One deal that has actually gone down is the Indians' swap of Brandon Moss for Cardinals' minor league pitcher Rob Kaminsky. Having come over from Oakland in the offseason, Moss has had a mildly disappointing season, especially considering that he left one of the American League's worst home run parks for lefty batters for a better-than-average one. With 15 home runs in 337 at-bats, Moss is actually behind last season' pace, and recall that his 2014 season numbers were weighed down by a miserable final two months.

There is reason to be hopeful for Moss, even though he will now play his home games at pitcher-friendly Busch Stadium. Last season, Moss actually flashed a little more power at O.co Coliseum than on the road, and this year, he has shown far more thump in away games (.270 Isolated Power) than at Progressive Field (.104). These splits suggest that Moss is capable of hitting for power in just about any environment, though he may be equally prone to slumping in all environments as well. Even with his move to St. Louis, what you've seen from Moss is most likely what you'll get: a strikeout- and flyball-prone hitter who can go on a power binge, but with a limited ceiling and low floor for batting average.

That doesn't necessarily make him a good pickup in standard mixed leagues, but he's not a stronger candidate to drop now if you already own him. If you need power in an NL-only Rotisserie league, it should pay to go after him aggressively.

It's not easy to make an impression during the week of the trade deadline if you're not being dealt, but the following three players are worth your attention based on their recent exploits on the field.

Jake Peavy, SP, Giants (25 percent owned)

Remember when the Red Sox dealt Peavy to the Giants last season, and he rediscovered his pinpoint control and overall effectiveness? Ever since coming off his disabled list stint for a back injury, Peavy has looked like that version of himself again. Over five post-DL starts, Peavy has posted a 2.84 ERA and 1.01 WHIP with each outing lasting at least six innings. He has shined the brightest in his three starts at AT&T Park, and given his typically modest ground ball rate (43 percent), that's not too surprising. Peavy has had one sub-quality start out of his last five, and not surprisingly, that came at Arizona, which was his only visit to a hitter's park.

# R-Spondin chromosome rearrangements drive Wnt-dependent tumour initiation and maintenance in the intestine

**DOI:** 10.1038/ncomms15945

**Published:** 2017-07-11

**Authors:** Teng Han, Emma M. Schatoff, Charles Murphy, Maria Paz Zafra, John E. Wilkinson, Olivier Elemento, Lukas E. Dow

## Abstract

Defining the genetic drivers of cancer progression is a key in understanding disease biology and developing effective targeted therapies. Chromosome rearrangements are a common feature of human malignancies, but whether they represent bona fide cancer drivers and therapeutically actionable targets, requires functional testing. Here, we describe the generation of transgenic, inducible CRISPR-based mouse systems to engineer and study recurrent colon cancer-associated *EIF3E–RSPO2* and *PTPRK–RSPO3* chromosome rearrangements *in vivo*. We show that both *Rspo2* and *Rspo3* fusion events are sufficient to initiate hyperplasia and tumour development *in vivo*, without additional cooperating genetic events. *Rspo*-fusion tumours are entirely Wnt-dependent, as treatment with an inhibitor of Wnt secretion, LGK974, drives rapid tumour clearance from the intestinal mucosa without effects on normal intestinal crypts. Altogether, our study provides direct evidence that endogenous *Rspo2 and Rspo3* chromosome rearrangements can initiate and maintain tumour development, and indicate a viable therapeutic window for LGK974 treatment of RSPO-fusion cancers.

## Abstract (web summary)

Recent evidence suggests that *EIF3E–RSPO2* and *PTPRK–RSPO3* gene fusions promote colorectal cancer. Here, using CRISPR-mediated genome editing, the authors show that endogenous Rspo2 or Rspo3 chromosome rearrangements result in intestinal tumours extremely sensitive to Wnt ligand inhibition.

It's been awhile since Peavy was a strikeout pitcher, and with slightly diminished velocity, he has been even less of one so far this year. However, Peavy can still be an asset for wins, ERA and WHIP in Rotisserie leagues, and he should also have mixed league value in points leagues when he has two-start weeks in favorable environments.

Curt Casali, C, Rays (7 percent owned)

What little momentum Casali had built up in his 2013 season in the Rays' organization, putting up a .316/.404/.488 slash line between Advanced Class A and Double-A, he frittered away in disappointing tours at Triple-A Durham over the last two seasons. At least in 21 games with the Rays, Casali is making a bigger impression than he ever did in the minors. He clouted a pair of home runs in each of the first two games of this week's series against the Tigers, but even before that power surge, Casali had slugged .500 over the course of 42 at-bats and was taking an increasing portion of the playing time behind the plate away from Rene Rivera.

Though it seems unlikely that Casali will continue to be a reliable power source, he shouldn't be completely devoid of extra-base power either. Though he hasn't displayed it so far in the majors, Casali showed excellent plate discipline in the minors, so he could be an on-base threat. That makes him worth considering in mixed leagues as a second catcher, especially if you have been filling that spot with the likes of Jason Castro or Brayan Pena.

Zack Godley, SP, Diamondbacks (19 percent owned)

If you were taken by surprise by Godley's performance in each of his first two major league starts, you're not alone. He is a 25-year-old who started the year at the Advanced Class A level, and prior to this season, he was a reliever in the lower levels of the Cubs' system. Godley blew away the California League, and after three less-than-impressive starts at Double-A Mobile, the Diamondbacks added him to their rotation. What has followed are back-to-back quality starts, including a six-inning, seven-strikeout debut against the Brewers.

With such a limited track record outside of the lower minors, it's hard to know what to expect from Godley, but it seems improbable that he will have more outings like his debut. Godley has been a consistent inducer of ground balls, and he's has shown good control at each stop this season. That makes him worth picking up in deeper mixed leagues, but it is still far too early to rely on him in any format shallower than 15 teams.